Pennsylvania lawmakers’ music video hits sour note with critics

HARRISBURG, Pa. (WHTM) – Representative Patty Kim (D-Dauphin) said her daughter was the inspiration for her latest venture.

“Over the summer, my 8-year-old comes to me after camp and says, ‘I’m gonna show you the Nae Nae and I say, like a lot of other parents, what in the world is the Nae Nae?’ ” Kim said.

Kim not only learned the Nae Nae, she’s hoping constituents learn of House Democrats’ fight for a severance tax on Marcellus Shale drillers to fund education through a Nae Nae dance video that includes Representative Kevin Schreiber (D-York).

“All the reps in the video all strongly support an extraction tax,” Kim said, “but if we went and did a press conference, nobody would’ve showed up.”

The video shows lawmakers dancing behind the Capitol and shows them dancing with students in a school. It concludes with words on the screen pushing a severance tax for schools. Kim says the lawmakers spent two hours shooting it and she spent a thousand dollars producing it.

“No state dollars were used,” Kim said. “I used my own campaign money. I thought it was that important to invest in it.”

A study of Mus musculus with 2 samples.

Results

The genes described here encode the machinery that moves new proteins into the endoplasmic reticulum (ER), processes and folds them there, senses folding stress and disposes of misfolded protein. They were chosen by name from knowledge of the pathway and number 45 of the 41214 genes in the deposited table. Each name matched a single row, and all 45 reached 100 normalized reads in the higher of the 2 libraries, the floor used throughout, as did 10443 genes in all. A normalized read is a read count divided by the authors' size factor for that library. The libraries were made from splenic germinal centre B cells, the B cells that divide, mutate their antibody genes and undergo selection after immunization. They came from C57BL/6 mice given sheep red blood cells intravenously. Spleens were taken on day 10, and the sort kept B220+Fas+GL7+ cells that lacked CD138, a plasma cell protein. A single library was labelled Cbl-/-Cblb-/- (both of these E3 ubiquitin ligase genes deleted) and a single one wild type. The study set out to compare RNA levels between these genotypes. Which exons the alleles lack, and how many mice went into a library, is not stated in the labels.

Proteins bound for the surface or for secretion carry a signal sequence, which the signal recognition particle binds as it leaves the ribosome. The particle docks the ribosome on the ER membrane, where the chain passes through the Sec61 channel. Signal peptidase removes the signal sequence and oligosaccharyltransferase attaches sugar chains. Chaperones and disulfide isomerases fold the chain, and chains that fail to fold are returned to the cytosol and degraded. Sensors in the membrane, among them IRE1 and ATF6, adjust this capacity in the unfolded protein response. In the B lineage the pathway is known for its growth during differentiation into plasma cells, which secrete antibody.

As with most things in Harrisburg, there are critics.

“It’s interesting that they’re using campaign money to produce this video, but posting it on the official Pennsylvania House Democrats home page,” said Nathan Benefield of the Commonwealth Foundation.

Benefield opposes the video’s tax-the-drillers message, insisting that it won’t raise the revenue Democrats are suggesting, will cost the state jobs and drive up energy costs. He’d rather see lawmakers doing the budget boogie.

“It still is a silly use of time that doesn’t foster a productive discussion on what would be the effects of higher taxes,” Benefield said, “and why we can’t come to some sort of agreement to fund those who need it without asking more from working families?”

Kim concedes that the timing of the video could be criticized, but says she had the idea for the video in early August. She says because of scheduling, it took until late August to get it released.

“As a rank-and-file member, I unfortunately am not at the big table,” Kim said. “I wanted our message to be heard and I did it in a different way to capture people’s attention and I think I was pretty successful.”

But lawmakers and their staffs are still getting paid despite a budget impasse of 62 days. Anything that looks like they’re having too much fun will have some saying, ‘Nay Nay.’

“I think it’s on both parties and even the governor,” Benefield said. “What have they been doing for the past two and a half months or so since the budget was vetoed? It’s a lot of time off and very little time here in Harrisburg working things through.”